David Ball ’92 on the need to ask “big, dumb questions”
David Ball says his life’s work is his reason for being. And it has taught him important lessons along the way.
“Don’t be afraid to fail, and be honest about why you are doing something to start with,” he says.
David is a professor at Santa Clara Law School and researcher on prison policy. He traces his interest in the criminal justice system back to one question: why do people break the law in the first place?
It is a question he started exploring while still a student and Morehead-Cain Scholar at Carolina. One of his Summer Enrichment experiences sent him to intern with the the San Mateo County Council’s office. There he encountered suffering in state mental institutions, saw the impact of drug policy, and gained new perspective on the role government plays in the prison system.
“Seeing people in mental institutions who were otherwise not in anyone’s line of sight was instrumental for me,” David says. “I learned that these are people with stories, and that these are people who are suffering.”
His summer experience in San Mateo, and the guidance he received from his internship sponsor and mentor Steve Toben ’78, marked a turning point. David says it led him to a cause he believes is worth dedicating his career to. It also sparked a realization he only has one opportunity to live a good life.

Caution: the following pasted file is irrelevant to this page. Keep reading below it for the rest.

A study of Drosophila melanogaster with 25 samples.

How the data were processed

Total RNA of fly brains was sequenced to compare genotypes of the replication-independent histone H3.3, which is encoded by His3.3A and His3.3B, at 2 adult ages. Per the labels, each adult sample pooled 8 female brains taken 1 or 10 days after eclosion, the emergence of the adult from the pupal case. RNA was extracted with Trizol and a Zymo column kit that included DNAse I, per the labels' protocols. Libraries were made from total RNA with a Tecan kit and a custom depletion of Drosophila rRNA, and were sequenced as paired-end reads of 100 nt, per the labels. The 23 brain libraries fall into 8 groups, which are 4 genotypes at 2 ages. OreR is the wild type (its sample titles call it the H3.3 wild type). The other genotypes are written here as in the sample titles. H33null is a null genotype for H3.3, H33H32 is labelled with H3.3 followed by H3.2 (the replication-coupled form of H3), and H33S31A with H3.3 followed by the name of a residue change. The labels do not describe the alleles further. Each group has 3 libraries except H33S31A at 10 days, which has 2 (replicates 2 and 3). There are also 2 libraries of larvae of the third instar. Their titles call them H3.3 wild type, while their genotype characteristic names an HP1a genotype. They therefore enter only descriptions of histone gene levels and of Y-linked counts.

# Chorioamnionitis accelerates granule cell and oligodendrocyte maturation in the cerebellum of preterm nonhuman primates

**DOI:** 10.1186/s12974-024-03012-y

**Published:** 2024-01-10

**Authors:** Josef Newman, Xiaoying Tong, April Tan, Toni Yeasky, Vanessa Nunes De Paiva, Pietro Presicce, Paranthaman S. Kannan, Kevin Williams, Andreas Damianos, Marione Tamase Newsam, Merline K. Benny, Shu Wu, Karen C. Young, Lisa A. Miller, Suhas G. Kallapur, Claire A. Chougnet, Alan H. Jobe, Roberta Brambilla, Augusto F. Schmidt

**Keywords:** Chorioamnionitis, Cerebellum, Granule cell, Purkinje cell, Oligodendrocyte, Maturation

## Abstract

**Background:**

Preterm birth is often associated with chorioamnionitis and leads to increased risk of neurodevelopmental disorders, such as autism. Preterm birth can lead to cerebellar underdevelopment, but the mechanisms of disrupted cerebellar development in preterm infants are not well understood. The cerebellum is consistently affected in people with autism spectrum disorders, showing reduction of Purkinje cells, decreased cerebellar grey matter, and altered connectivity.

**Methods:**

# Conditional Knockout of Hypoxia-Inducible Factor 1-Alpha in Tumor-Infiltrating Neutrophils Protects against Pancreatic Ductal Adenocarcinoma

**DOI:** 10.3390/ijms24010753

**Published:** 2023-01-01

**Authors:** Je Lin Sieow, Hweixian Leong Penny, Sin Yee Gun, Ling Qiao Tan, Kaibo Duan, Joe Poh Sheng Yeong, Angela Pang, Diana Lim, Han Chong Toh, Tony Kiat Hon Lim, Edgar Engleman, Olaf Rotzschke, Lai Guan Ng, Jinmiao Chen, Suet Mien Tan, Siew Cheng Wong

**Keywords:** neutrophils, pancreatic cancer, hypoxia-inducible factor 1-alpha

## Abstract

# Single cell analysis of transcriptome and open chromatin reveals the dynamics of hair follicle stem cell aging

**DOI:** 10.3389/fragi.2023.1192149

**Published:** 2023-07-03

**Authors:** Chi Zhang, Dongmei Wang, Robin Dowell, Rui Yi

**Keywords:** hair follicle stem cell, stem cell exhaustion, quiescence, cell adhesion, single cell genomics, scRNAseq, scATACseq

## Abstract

- David Ball
- Class of 1992
Outside of the classroom, David spends much of his time examining the relationships between mental illness, substance abuse, and incarceration rates. He specifically researches negative childhood experiences and how they can result in substance addiction and incarceration.
It is work that makes David ask what he calls “big, dumb questions that are not big or dumb at all.”
“Why are we doing this, and why is this the way things are?” he says. “We need to learn from each other.”
David has had many opportunities to ask probing questions and learn from colleagues since leaving Carolina. He received the Rhodes Scholarship, wrote a novel, and was an actor and filmmaker. He views each of these projects as an important step on the way to his current work.
“Between Oxford and law school, I wasn’t a success,” he says. “I fell on my face constantly. The success is that I tried what I wanted to try. I don’t consider it wasted time.”
He admits those experiences were not always enjoyable in the moment. But they led the way to his future and helped him make important connections. David says they gave him an appreciation for how people connect.
“The core of all of my work is not just law, but it’s a real sense of realizing who my other human beings are,” he says. “Art, spirituality, and the learning experiences I received at Carolina were a way of getting there for me.”
It makes David reflect—on why he does what he does, and why he is unafraid to fail.
“It’s hard not to think about how we can all be better.”